Mouthguards are an essential piece of sporting equipment. Whether you are looking to protect your teeth from injury or trying to improve your sports performance, mouthguards are a good investment. Estimates of the lifetime cost of a dental injury range from $8,000 to $25,000, based on the extent of the injury. Using a mouthguard can reduce your risk of dental injury by more than 80%. Just another reason why they’re a very good investment.
Do You Need a Mouthguard?
In some sports, mouthguards are mandatory. However, this is only a very small proportion of the sports where one should be wearing a mouthguard. According to the American Dental Association, mouthguards are recommended if you participate in any of the following sports:
- Equestrian events
- Field hockey
- Ice hockey
- Inline skating
- Martial arts
- Water polo
All of these sports have significant risk for dental injuries, which can be reduced by mouthguards.
Dental Injuries and Their Treatment
There are a wide variety of dental injuries that can occur during sports. Below are some of the most common sports injuries and their recommended treatment:
- Chipped tooth—requires dental bonding or porcelain veneers
- Cracked tooth—requires a dental crown
- Displaced tooth—may require oral surgery
- Lost tooth—requires dental implant or a dental bridge
These injuries can be painful, may result in time lost from school or work, and can be painful. Preventing them is easy and inexpensive.
In general, there are four types of mouthguards used to protect your teeth. All provide some level of protection, but they are not equal:
- Stock mouthguard
- Boil-and-bite mouthguard
- Professionally fitted mouthguard
- Neuromuscular mouthguard
Stock mouthguards are used as purchased. People often complain about discomfort and may find them difficult to breathe with. They tend to provide the lowest level of protection of any mouthguard.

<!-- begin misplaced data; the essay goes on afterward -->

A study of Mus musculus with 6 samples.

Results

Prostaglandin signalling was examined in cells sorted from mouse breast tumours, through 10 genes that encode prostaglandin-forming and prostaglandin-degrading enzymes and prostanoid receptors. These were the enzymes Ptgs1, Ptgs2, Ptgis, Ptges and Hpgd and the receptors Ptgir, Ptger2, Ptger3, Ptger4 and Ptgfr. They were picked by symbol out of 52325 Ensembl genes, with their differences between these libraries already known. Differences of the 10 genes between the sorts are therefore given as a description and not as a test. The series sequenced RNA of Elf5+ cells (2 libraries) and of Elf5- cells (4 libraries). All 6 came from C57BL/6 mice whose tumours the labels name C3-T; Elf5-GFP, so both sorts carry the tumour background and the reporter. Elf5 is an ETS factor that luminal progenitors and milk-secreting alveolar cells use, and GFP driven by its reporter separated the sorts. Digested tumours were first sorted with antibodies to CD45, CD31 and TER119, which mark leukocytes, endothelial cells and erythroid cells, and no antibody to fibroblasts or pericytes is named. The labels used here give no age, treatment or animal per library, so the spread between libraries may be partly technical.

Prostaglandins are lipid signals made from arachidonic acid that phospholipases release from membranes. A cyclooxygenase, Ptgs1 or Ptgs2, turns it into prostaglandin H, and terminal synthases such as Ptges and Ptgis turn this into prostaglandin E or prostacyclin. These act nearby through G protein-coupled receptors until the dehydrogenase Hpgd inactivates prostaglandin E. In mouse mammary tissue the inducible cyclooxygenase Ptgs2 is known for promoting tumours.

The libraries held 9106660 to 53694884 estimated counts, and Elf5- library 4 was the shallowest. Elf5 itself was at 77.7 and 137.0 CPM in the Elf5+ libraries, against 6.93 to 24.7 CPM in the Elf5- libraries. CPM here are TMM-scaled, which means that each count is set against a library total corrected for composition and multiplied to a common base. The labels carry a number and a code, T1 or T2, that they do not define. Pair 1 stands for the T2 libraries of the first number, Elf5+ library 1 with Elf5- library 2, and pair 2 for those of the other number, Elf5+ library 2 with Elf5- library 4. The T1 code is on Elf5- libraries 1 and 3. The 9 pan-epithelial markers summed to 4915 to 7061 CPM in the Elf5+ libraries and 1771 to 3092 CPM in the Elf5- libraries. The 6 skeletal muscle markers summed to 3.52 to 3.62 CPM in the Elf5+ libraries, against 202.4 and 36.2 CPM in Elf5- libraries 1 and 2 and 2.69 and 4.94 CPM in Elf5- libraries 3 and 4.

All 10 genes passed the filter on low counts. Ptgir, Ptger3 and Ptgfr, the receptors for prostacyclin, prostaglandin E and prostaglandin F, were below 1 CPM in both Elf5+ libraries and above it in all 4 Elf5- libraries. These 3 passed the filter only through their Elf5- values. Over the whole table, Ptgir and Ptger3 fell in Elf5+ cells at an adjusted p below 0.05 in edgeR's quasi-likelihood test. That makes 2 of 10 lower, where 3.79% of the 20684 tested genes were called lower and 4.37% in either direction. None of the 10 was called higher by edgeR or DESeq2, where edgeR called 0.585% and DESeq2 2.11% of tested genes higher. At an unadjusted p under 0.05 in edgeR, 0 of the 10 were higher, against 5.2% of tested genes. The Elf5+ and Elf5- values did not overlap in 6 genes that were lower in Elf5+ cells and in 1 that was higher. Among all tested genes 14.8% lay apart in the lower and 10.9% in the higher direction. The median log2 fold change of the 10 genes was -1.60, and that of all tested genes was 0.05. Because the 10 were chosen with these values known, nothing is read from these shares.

Boil-and-bite mouthguards are sometimes described as mouth-formed mouthguards. They are made of a thermoplastic that softens when dipped in boiling water. You bite into the hot mouthguard to create a custom impression of your teeth. They tend to provide a higher level of protection than stock mouthguards, but may wear out quickly.
Professionally-fitted mouthguards provide the highest level of protection and durability. They can be designed to make it easy to breathe and speak while wearing them. They tend to be the most comfortable.
Neuromuscular mouthguards not only protect your teeth, but may help improve your athletic performance. If you have TMJ or a related jaw conditions, you may be expending a surprising amount of muscle force in clenching your jaw together. Neuromuscular mouthguards reduce this wasted expenditure, may improve breathing, and can enhance strength, endurance, speed, and balance for some athletes. Pure Power Mouthguard and Armourbite are examples of neuromuscular mouthguards.
To learn which type of mouthguard is best for you in your sport, please call (619) 299-5925 or email Strober Dental in San Diego today.